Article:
Johannesburg - The Free State provincial government spent more than any other provincial government in securing R79 million worth of advertising space on Gupta-owned companies The New Age (TNA) and Infinity Media.
This was revealed by the accounting officer at the National Treasury Jan Gilliland at the commission of inquiry into state capture on Monday in Johannesburg.
The KwaZulu-Natal provincial government was the second biggest spender on TNA and Infinity Media with payments amounting to R25 million, followed by the North West which spent R23,8 million.
Gilliland was asked by the commission to give a breakdown of the amounts paid to Gupta owned Infinity Media and TNA Media by government departments.
He was able to track the payments through the National Treasury's Basic Accounting System (BAS), which records all government payment transactions.
Gilliland told the inquiry that a total of R260 million was paid to TNA and Infinity Media by government departments. The payments were made to 11 separate banking accounts under variations of the two companies' names.
A breakdown of the payments received by the two companies;
National government = R99,6 million
Free State provincial government = R79 million
KwaZulu-Natal provincial government = R25 million
North West provincial government = R23,8 million
Northern Cape provincial government = R16,5 million
Mpumalanga provincial government = R5,9 million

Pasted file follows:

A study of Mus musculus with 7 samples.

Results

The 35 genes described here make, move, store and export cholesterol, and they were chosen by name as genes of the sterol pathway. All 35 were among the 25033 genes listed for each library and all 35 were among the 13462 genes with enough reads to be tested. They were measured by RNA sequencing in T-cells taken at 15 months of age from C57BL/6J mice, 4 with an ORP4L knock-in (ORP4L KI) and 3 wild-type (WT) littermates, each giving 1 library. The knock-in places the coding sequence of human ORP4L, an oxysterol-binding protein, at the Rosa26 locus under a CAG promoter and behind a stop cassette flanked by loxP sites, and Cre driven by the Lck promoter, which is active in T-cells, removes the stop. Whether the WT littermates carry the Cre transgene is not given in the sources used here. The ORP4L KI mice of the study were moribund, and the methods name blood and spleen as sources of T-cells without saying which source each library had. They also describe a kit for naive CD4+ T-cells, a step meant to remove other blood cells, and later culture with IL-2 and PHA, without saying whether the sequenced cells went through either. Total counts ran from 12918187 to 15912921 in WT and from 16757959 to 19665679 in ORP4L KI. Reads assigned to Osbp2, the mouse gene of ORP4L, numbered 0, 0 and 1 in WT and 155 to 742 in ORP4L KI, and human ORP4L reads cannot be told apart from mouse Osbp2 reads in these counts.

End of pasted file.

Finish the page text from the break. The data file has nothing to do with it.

Gauteng provincial government = R5,8 million
Eastern Cape provincial government = 3,4 million
Limpopo provincial government = R500 000
The only province that did not acquire media space from the two companies was the Western Cape.
The offices of the premiers for the 8 provinces in total spent about R113 million on Infinity Media and TNA.
The government communication and information systems (GCIS) spent R55 million. About R51,8 million was paid to TNA and R3.3 million was paid to Infinity Media.
Advocate Vincent Maleka, who is part of the commission's legal team told the head of the inquiry deputy chief justice Raymond Zondo that Gilliland was assisting to tell the third part of the GCIS story.
Former GCIS CEO Themba Maseko had told the first part and acting GCIS director-general Phumla Williams told the second part.
Maseko was removed in February 2011 at former president Jacob Zuma's request after he refused to assist the Gupta family gain access to the GCIS' R600 million media buying budget. Mzwanele Manyi, a close ally of the Gupta family who later bought the family’s media companies, was appointed to replace Maseko.
The graph presented by Gilliland showed that there were no payments to the Gupta companies in 2010, but shortly after Maseko left R300 000 was paid by the GCIS to the two companies.
In 2012, R500 000 was paid and in March 2012 the payments increased to R5.6 million.
Advocate Maleka told Zondo that the payments to the two companies increased sharply from when the Gupta family were initiating establishing a television news channel and a newspaper, and around the time Maseko was removed as the CEO of GCIS and the eventual court application by Manyi to liquidate AfroVoice Newspaper (formerly TNA).
The commission of inquiry into state capture is investigating allegations of corruption largely centred around the infamous Gupta family and former president Jacob Zuma.
It has been alleged that the Gupta family used its relationship with Zuma to score business deals with state-owned enterprises. Billions were allegedly paid out to the family in suspicious business deals involving government officials.
The inquiry will resume on Wednesday.